Genre: minesweeper dungeon crawl, mindless brain jammer, roguelike

Release Date: 2015 

Developer / Publisher: Blackfire Games

Runestone Keeper website


Runestone Keeper is a turn based dungeon crawler inspired by minesweeper, a game that has dwelled in computers since the 1960s. While the objective of minesweeper is to clear the board without detonating hidden mines, Runestone Keeper replaces mines with traps, shrines and monsters. You do get the occasional explosion. A dungeon level is cleared when keys and stairs to the next level are revealed. Choose your hero, choose your god, and go fight evil for glory and for gold.

Playability: Dungeon dash

Runestone Keeper’s tutorial washes its hands off the rulebook rather tersely. Even after several runs the mechanics of runes, tattoos and god worship make little sense and will eventually force you to look up answers in online forums. Click on tiles to discover items such as equipment, life or mana points, and monsters. Tiles around monsters cannot be clicked, which soon forces you to attack said monsters. Eventually, you’ll find a key and a door to the next level of the dungeon. Initially only one hero, a “guy” is playable, and you’ll be forced to grind through ten levels at nightmare difficulty to start unlocking other characters. Playing a few minutes between important office emails and meetings will probably require several years before you can complete Runestone Keeper. Yet, there is something strangely addictive about the five minute dungeon run that will keep you coming for another head bashing.

Annoyance: Randomised grind for permanent death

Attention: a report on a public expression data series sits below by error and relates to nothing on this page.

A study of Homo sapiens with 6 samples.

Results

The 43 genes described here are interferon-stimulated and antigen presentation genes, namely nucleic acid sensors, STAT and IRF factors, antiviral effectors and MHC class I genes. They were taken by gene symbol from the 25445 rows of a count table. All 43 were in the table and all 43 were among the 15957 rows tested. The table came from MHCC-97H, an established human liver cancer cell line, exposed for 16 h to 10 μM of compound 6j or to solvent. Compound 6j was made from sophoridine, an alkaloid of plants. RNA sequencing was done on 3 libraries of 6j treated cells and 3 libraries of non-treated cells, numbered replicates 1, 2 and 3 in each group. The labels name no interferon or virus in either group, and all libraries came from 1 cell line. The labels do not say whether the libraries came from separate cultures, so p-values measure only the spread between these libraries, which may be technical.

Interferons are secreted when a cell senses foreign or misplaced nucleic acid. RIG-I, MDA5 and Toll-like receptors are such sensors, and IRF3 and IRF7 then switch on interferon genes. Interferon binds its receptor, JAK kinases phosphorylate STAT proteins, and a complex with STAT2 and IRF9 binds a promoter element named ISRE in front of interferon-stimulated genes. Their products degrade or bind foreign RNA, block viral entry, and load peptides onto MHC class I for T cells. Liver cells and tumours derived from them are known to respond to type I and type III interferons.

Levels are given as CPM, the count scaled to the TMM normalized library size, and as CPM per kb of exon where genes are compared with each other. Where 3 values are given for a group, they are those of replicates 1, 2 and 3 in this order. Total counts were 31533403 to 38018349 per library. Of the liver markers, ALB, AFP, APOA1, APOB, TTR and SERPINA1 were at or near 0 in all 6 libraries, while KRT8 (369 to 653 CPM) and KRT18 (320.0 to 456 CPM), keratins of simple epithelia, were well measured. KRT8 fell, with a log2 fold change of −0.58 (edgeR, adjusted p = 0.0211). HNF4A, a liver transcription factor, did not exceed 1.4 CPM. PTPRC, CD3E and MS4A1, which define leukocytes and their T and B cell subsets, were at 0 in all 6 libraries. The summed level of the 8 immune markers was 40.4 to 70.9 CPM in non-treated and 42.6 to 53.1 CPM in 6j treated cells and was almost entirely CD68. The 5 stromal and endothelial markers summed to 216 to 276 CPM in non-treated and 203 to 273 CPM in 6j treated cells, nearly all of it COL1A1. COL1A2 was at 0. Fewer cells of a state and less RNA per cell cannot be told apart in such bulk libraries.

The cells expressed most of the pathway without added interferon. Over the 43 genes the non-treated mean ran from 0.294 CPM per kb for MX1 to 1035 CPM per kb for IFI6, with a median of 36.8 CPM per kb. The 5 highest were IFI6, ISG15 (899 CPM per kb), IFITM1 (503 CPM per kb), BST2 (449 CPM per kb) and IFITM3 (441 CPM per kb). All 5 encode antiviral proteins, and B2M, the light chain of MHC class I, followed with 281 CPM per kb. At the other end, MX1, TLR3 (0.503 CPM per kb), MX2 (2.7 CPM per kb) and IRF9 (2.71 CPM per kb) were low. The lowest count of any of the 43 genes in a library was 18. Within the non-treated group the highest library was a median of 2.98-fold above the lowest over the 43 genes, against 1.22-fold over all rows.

Runestone Keeper spawns a variety of monsters, but the repetitive cohorts of gutless gnomes, explosive curses, christal resonators and stone guardians are fast an everlasting nuisance of dreary encounters garbed in fancy names. Discover enough hearts of life, and you’ll survive long enough. Your hero may breathe easily through several levels at chaos difficulty to get pitifully impaled on random spikes even on easier setting. The level design and the game difficulty seem unbalanced, leaving too much to haphazardness.

Beauty: Ugly blocks

While the hand drawn hero portraits are pleasing, Runestone Keeper is a long succession of encounters of icons and thumbnails of monsters, punctuated by the occasional yelp sound and a non descript musical score. Who would have thought that minesweeper actually looked agreeable?

The Old Video Gamer’s Prattle: Aggravating dungeon sweeper 5/10

Runestone Keeper is an endlessly infuriating minesweeper with only a little logic and a lot of randomness. Mindlessly clicking on tiles to discover rather ugly pixelated monsters provides little opportunity for relaxation but does eventually put you to sleep. An obtuse learning curve combines with hours of grind to unlock playable characters make Runestone Keeper a rather taxing game. Yet for a quick dungeon crawl, Runestone Keeper does an adequate job of addling your brain. As long as you stick to a few minutes at a time, the Keeper won’t get to your nerves.